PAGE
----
Barclays has been exploring a potential merger with rival banks including Standard Chartered, according to a report in the Financial Times.

The FT said Barclays directors had held “exploratory conversations” about possible deals in response to pressure from Edward Bramson’s US-based activist investment fund Sherborne, which has a 5.4% stake in the bank.

John McFarlane, Barclays’ chairman, was in favour of a deal with Standard Chartered, according to the FT, while Sir Gerry Grimstone, who chairs the Barclays International unit, was also said to be supportive of the idea.

A private conversation took place between a director at each bank about the potential benefits of such a deal but no formal or informal bid approach had taken place, the FT said.

Barclays declined to comment on the report.

A spokesman for Standard Chartered said: “We are entirely focused on executing our strategy and do not comment on this type of speculation.”

Shares in Barclays were down 0.4% on Wednesday morning after the report was published, while Standard Chartered shares rose 2.2%.

Sources close to Barclays poured cold water on the report and said the bank was not working on a deal with any of its rivals.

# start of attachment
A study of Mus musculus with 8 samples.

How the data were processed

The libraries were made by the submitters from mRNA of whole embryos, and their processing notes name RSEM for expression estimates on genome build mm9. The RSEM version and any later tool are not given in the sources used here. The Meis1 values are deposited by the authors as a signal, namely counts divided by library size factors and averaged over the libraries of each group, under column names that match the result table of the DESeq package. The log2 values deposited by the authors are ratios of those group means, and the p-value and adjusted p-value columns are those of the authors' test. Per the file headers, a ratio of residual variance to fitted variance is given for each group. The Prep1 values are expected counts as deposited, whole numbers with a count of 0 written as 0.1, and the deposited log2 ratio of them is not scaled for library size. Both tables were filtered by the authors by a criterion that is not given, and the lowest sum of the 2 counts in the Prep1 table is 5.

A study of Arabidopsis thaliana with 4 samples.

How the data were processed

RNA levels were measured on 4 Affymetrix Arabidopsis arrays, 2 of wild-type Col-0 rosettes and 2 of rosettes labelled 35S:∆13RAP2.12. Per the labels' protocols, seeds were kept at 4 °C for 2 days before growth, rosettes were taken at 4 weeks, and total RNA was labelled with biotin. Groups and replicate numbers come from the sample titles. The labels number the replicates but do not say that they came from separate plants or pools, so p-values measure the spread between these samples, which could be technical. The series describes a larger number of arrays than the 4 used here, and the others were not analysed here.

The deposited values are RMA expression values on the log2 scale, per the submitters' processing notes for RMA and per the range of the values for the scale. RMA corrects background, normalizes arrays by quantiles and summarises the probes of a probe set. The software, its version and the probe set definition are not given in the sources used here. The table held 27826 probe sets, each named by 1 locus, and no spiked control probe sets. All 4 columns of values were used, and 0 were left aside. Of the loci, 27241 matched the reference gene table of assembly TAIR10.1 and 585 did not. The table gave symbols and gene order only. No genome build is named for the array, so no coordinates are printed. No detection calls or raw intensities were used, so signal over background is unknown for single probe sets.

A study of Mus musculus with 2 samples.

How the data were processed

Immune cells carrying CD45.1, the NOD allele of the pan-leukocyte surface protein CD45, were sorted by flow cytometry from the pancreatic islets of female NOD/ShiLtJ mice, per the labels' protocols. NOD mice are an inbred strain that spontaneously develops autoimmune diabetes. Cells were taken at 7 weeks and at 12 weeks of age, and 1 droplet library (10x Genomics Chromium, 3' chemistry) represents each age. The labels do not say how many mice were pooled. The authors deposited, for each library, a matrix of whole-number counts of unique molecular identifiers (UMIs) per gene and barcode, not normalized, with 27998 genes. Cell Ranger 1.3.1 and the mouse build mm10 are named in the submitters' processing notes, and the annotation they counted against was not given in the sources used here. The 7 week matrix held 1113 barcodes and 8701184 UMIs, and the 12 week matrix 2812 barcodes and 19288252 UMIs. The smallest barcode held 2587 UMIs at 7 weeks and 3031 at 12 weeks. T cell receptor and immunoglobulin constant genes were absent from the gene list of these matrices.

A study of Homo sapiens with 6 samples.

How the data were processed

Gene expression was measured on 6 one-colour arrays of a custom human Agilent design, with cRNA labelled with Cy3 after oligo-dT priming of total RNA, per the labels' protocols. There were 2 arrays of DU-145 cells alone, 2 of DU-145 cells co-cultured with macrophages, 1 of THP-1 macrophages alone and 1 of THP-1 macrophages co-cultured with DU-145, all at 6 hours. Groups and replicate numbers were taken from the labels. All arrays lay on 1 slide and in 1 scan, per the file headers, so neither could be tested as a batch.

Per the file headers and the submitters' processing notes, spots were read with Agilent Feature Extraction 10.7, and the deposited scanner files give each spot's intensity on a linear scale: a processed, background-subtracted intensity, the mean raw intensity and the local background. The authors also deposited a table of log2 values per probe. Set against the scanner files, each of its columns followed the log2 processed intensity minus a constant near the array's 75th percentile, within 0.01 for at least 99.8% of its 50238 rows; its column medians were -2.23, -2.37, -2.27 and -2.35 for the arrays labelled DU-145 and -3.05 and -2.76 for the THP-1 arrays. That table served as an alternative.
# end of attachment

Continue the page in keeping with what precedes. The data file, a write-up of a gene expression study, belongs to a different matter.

Bramson is calling for a shake-up of the bank that is thought to involve a radical reduction in activities at its underperforming investment bank, in a plan to cut costs and boost shareholder returns.

Jes Staley, the chief executive of Barclays, met Bramson in New York earlier this month and was told by the activist investor that he was still working on his proposals for the bank’s future.

Also this month, Staley was fined £642,430 by UK regulators for a breach of conduct after he attempted to unmask a whistleblower. As well as being fined by the Financial Conduct Authority and the Prudential Regulation Authority, Barclays said it would claw back £500,000 of Staley’s bonus over the matter.

The bank will also have to report annually to the regulators detailing how it handles whistleblowing after they expressed concerns about its existing systems.